OAKLAND, CA – The Oakland Fire Department for years has filled staffing shortages by spending millions on overtime for existing employees, rather than hiring more firefighters and paramedics.
But while that strategy has saved money, the department is now so understaffed that it’s been forced to reduce medical services in West Oakland and downtown, and union leaders say that reliance on overtime is forcing firefighters to work dangerously long shifts that threatened the safety of employees and residents.
The agency was forced to remove two paramedics assigned to trucks at Stations 1 and 3, both in the heart of Oakland’s booming business corridor, to find enough people to cover 24-hour shifts for the city’s 25 fire stations, Fire Chief Teresa Deloach Reed said at Tuesday’s Public Safety Committee meeting.
All 24 engines will still be staffed with paramedics, but the city is losing key medical backups on trucks at its busiest stations, forcing residents to wait for engines from stations farther away or rely on private ambulance companies, Reed said.
Reed said she didn’t immediately know how response times were impacted.
The reduction in paramedics will likely be temporary, but shouldn’t be treated as a stopgap, firefighter union executive Zac Unger said.
“That’s not a solution, that’s a reduction of service,” Unger told the committee.
Overtime in the department has exploded in the last few years, with firefighters working 215,000 extra hours in 2011-12 to more than 317,000 hours last year, when the agency spent $20 million in overtime. That’s up from $14 million in 2012-13, according to the department’s report.
Mandatory overtime has increased even faster. Only about 9,000 hours of overtime in 2011-12 was mandatory; that increased to 58,000 hours last year.
And though firefighters enjoyed the extra money, many are worried about fatigue. Unger himself had worked five of the last six days, he said, and some firefighters worked nine of 11 days — all 24-hour shifts.
“People want to see their families,” Unger said.
The problem happened because the fire administrators have failed to hire enough employees, especially firefighter-paramedics, to keep pace with general attrition and promotions. The city hired 19 new paramedics since 2011, all from one academy in 2012.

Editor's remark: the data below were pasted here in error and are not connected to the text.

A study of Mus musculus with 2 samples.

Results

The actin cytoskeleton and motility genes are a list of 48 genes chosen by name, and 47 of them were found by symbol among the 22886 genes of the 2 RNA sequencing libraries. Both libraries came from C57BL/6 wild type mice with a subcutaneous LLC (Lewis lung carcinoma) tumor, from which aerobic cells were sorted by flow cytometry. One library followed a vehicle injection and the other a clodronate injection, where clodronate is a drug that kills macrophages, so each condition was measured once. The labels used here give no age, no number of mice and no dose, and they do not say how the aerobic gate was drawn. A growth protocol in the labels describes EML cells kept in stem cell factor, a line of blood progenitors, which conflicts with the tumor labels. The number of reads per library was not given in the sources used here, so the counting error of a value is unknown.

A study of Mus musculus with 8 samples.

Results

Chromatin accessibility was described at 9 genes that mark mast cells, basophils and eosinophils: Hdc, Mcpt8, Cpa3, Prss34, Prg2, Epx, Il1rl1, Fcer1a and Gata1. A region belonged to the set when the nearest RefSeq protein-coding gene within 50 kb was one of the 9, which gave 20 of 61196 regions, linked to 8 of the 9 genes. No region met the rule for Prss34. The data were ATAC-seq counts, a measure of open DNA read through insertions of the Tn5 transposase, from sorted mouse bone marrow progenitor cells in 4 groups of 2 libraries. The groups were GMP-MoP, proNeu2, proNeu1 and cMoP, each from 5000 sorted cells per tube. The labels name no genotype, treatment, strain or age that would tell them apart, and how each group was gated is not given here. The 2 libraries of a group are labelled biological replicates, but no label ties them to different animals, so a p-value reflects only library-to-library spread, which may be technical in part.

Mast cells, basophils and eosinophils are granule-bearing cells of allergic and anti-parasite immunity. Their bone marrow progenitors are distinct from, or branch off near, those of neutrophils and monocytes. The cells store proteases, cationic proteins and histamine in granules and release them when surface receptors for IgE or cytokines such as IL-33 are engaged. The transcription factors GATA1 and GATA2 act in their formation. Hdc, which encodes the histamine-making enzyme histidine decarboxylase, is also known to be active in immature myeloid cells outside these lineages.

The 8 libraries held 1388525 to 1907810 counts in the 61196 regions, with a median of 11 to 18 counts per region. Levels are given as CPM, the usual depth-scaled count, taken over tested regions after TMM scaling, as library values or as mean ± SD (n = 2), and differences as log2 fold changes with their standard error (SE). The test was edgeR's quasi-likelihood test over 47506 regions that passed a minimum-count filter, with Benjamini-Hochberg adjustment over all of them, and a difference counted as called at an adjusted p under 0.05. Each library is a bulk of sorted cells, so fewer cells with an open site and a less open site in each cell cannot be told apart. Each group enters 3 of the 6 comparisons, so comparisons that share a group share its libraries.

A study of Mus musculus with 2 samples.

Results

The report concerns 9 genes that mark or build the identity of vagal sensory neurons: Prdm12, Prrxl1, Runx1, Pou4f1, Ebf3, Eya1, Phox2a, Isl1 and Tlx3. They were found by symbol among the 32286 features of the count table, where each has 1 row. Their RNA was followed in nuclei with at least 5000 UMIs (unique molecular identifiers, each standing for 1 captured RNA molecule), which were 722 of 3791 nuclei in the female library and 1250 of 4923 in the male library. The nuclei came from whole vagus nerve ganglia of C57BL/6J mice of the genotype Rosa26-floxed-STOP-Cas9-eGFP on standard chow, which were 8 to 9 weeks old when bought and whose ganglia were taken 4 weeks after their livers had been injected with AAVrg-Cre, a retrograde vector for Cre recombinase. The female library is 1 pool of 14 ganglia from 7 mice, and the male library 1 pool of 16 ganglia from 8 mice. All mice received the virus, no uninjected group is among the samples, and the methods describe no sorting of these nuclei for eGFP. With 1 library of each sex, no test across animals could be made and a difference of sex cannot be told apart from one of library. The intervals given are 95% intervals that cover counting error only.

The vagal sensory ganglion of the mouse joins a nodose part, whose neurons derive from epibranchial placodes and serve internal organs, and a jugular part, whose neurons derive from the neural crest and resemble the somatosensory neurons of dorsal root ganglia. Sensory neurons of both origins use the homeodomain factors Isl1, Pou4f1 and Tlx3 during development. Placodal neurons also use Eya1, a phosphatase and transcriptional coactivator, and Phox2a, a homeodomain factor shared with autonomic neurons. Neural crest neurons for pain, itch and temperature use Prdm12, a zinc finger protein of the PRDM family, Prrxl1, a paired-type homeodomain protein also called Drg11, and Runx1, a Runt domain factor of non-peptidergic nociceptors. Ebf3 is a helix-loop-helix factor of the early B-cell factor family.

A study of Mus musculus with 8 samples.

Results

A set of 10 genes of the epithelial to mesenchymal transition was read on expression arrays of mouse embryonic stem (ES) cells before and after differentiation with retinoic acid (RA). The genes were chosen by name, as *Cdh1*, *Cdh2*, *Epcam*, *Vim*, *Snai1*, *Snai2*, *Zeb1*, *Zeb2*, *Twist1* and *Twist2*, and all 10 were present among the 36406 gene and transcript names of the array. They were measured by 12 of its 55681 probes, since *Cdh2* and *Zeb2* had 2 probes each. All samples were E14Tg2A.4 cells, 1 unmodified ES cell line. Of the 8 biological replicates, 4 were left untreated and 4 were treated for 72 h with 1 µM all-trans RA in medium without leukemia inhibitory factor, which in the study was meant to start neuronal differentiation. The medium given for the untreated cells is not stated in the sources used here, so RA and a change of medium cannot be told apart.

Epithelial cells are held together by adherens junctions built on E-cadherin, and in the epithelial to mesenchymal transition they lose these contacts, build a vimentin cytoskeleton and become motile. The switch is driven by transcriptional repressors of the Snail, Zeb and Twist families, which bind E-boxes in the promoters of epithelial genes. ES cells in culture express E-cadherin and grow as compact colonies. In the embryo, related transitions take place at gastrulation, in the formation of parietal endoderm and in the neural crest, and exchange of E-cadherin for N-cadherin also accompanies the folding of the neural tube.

Bruce Nielsen, a retired battalion chief who has pressed the issue with city officials, said the agency could have hired more than paramedics from the 2012 recruitment list, but it was dissatisfied with the lack of diverse and local candidates.
“This is a self-inflicted wound,” Nielsen said. “It’s a conscious choice not to hire qualified applicants.”
It’s difficult to find qualified local firefighter-paramedics because the position requires experience as an emergency medical technician and a firefighter, forcing departments to recruit candidates from other agencies. In 2012 the department hired paramedics from as far away as Washington D.C., according to the agency.
The city is scrambling to solve the problem by creating an entry level firefighter-paramedic trainee position to allow the agency to hire EMTs from local ambulance companies and then train them in fire fighting.
But that’s “too little, too late,” union President Daniel Robertson told the city on Tuesday. The shortage will likely be a problem for years unless the department steps up its hiring.
City council members will investigate reports of firefighters calling in sick on mandatory overtime days, possibly at another committee meeting in January. Councilman Abel Guillen, who called for the report, said he was surprised during an overnight stay at a fire house to see how many calls firefighters worked in one shift.
“At some point it endangers public safety,” Guillen said.
Reed said the department is exploring other ways to temporarily reduce the staffing issues, but there’s only one long-term solution.
“The only thing that will get us through this is to hire,” Reed said.